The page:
Logging is accomplished through the Sloop::Logger class. This produces timestamped output; it is generally used via Sloop::Base::err_log(), ::debug_log(), or Sloop::Client::logReq(), which add a tag from the object's id in either square brackets (request), exclamation points (error), or curly braces (debugging). For clients id is by default fdN where N is the actual file descriptor (these will repeat, but there can only be one object with a particular descriptor at any given time). The err_log() and debug_log() methods also add the calling function, which may or may not be meaningful to you.

By default, one logger object is instantiated in the Sloop::Server constructor and then passed to Sloop::Client objects when they are created. If you want to differentiate between these, you may indicate a different logger object via the client_constructor attribute of the server object.

The default logger object logs errors and debugging messages to standard error and requests to standard output. Both streams are set to autoflush, i.e., non-buffered. You can override the streams used via the Sloop::Logger logs attribute. You can also subclass Sloop::Logger to override, e.g., the out() and/or timestamp() methods — but as mentioned, part of the format comes from methods in Sloop::Base and Sloop::Client.

There is also Sloop::Logger::SimpleColor and Sloop::Logger::TriColor if you want to differentiate things with ANSI color. For example, if out of curiosity you want to track how long a given connection lasts after the first request, you could do something like this in a handler:

my $client = shift;
my %colors = ('red', 'yellow', 'green', 'cyan', 'magenta');
$client->{id} =~ /fd(\d+)/;
my $n = $1 % ($#colors + 1);
$client->{logger} = Sloop::Logger::SimpleColor->new($colors[$n]);

Caching Pages

If you have pages that are generated dynamically from a source that only changes from time to time (as opposed to pages that are always unique in some way), you can probably make use of Sloop::Static::Cache. There is an example of this using markdown and Template Toolkit,

Since the "source" for such pages isn't examined beyond the timestamp, you could conceivably use this to cache complex queries by using zero size files, named according to some schema, created when the first time a given query occurs.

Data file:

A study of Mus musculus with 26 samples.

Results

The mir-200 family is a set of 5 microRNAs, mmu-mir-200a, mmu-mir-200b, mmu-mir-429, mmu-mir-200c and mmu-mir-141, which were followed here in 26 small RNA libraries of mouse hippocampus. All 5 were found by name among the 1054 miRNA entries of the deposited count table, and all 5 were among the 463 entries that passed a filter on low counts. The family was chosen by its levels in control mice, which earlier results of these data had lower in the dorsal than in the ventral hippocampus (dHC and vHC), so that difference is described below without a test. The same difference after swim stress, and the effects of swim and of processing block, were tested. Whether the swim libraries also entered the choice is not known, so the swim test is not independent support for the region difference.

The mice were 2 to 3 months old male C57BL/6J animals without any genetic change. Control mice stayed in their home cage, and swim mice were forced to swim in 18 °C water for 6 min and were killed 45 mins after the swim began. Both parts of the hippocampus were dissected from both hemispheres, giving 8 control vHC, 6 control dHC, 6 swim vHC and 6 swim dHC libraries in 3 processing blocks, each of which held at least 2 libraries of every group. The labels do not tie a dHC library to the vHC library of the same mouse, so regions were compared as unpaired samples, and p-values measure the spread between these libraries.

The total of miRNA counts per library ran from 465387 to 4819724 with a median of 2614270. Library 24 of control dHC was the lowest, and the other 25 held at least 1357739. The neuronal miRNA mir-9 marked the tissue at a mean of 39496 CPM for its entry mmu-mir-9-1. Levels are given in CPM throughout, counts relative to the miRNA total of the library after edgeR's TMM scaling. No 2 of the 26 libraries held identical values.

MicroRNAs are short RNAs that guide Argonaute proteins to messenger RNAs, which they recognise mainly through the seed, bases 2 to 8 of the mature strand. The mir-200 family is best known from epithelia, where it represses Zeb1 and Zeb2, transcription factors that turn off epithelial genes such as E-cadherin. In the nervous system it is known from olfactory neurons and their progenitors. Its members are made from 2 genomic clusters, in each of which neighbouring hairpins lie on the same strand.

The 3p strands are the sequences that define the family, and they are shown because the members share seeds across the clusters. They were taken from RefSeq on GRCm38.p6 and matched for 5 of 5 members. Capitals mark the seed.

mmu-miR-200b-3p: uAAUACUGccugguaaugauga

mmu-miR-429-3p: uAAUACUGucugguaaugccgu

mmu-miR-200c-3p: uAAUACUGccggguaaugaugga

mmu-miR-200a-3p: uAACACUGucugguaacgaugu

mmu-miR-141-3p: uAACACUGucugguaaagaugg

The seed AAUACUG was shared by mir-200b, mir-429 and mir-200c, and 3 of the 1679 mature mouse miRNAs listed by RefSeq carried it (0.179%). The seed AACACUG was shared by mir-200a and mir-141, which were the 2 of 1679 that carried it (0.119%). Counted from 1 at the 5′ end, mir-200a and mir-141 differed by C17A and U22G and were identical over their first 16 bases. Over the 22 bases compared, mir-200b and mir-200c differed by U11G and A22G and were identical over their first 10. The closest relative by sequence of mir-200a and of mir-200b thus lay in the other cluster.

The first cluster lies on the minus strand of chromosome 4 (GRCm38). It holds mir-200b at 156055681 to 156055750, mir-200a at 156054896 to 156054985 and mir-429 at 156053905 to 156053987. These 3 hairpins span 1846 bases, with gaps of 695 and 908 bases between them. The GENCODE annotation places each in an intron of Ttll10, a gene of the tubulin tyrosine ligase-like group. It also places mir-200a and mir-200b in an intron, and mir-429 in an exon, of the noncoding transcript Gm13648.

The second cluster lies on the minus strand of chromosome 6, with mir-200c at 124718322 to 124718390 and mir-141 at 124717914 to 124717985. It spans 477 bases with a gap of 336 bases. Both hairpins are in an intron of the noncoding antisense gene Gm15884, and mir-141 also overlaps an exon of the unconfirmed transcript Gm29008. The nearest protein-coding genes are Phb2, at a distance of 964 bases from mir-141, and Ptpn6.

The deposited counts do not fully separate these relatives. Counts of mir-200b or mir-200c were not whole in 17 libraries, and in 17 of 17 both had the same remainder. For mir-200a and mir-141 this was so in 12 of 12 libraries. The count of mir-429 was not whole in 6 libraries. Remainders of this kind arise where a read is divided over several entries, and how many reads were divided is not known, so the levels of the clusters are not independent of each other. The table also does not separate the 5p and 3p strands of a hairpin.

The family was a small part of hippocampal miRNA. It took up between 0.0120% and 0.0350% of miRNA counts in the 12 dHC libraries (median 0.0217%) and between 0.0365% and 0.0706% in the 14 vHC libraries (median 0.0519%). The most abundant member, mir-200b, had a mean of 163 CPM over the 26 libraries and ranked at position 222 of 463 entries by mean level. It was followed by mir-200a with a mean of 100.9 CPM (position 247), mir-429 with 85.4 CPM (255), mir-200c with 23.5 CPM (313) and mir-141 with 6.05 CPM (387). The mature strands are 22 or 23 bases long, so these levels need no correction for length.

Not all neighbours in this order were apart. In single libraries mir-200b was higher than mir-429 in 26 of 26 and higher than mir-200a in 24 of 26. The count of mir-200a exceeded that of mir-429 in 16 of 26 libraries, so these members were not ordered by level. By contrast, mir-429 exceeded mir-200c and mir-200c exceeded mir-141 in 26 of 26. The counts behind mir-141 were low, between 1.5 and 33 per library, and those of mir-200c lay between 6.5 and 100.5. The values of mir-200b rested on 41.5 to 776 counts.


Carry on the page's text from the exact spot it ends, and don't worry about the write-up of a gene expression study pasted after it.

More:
Customizing Objects

Although it's an impossible sin in many other OO languages, perl allows you to attach whatever you want to an object, regardless of what that object is or where it came from. In a Sloop context, it may occasionally be useful with Sloop::Clients, etc., to tack on some arbitrary bit of data, rather than going the more conventional route of subclassing and providing an appropriate client_constructor to Sloop::Server.

To prevent collisions and confusion, it is a guarantee that no Sloop class ever uses an attribute starting with an underscore. Hence, anything you attach using such a key won't clobber or get clobbered.


If something isn't happening the way you think it should, you can get a closer look at what is going on by setting the 'debug' parameter to Sloop::Server using one or more of the constants explained in Sloop::Constants.

Directory Indexing

See the index() function in Sloop::Static. There's also a demonstration of Sloop::Static::directory(), which uses index() by default, in


HTTPS support is provided by the GnuTLS library, which implements TLS 1.2 (the latest) as well as earlier protocol versions (1.1, 1.0, SSL 3.0). Configuring use with Sloop is done by providing appropriate details in the 'secure' argument to the Sloop::Server constructor.

Query Strings

See the qargs attribute and query() method of Sloop::Client::Request.


Virtual Hosting

Sloop only supports name based virtual hosting.


Currently Sloop doesn't support true HTTP CONNECT tunnelling, but you could approximate it using Sloop::Other. The issue is that Sloop always parses incoming messages as HTTP requests, so if you just want a web proxy, a (relatively inefficient) one is possible. There is a potential way around this if you dig into how Sloop::WebSocket works; a proper implementation will probably be in a near future version of Sloop.


Don't fork after initializing a Sloop::Server. It may seem okay at first, but eventually you will have a problem. Fork/exec is okay.

Sloop is thread safe in the sense that appropriate measures are taken in the XS code, including use of re-entrant functions. However, while using a sloop server in a multi-threaded application should be fine, actually accessing the object from multiple threads is largely untested. Since during run() it is continuously active and there are no internal locks, doing so is probably a very bad idea. If instead you want to access shared data from a sloop handler, beware when locking that you don't block for an indeterminate period of time.

If your concern is with generating very time consuming dynamic pages, it is probably better done by offloading the work to another instance via a Sloop::Other object and appropriate callbacks; the guide has a discussion of this.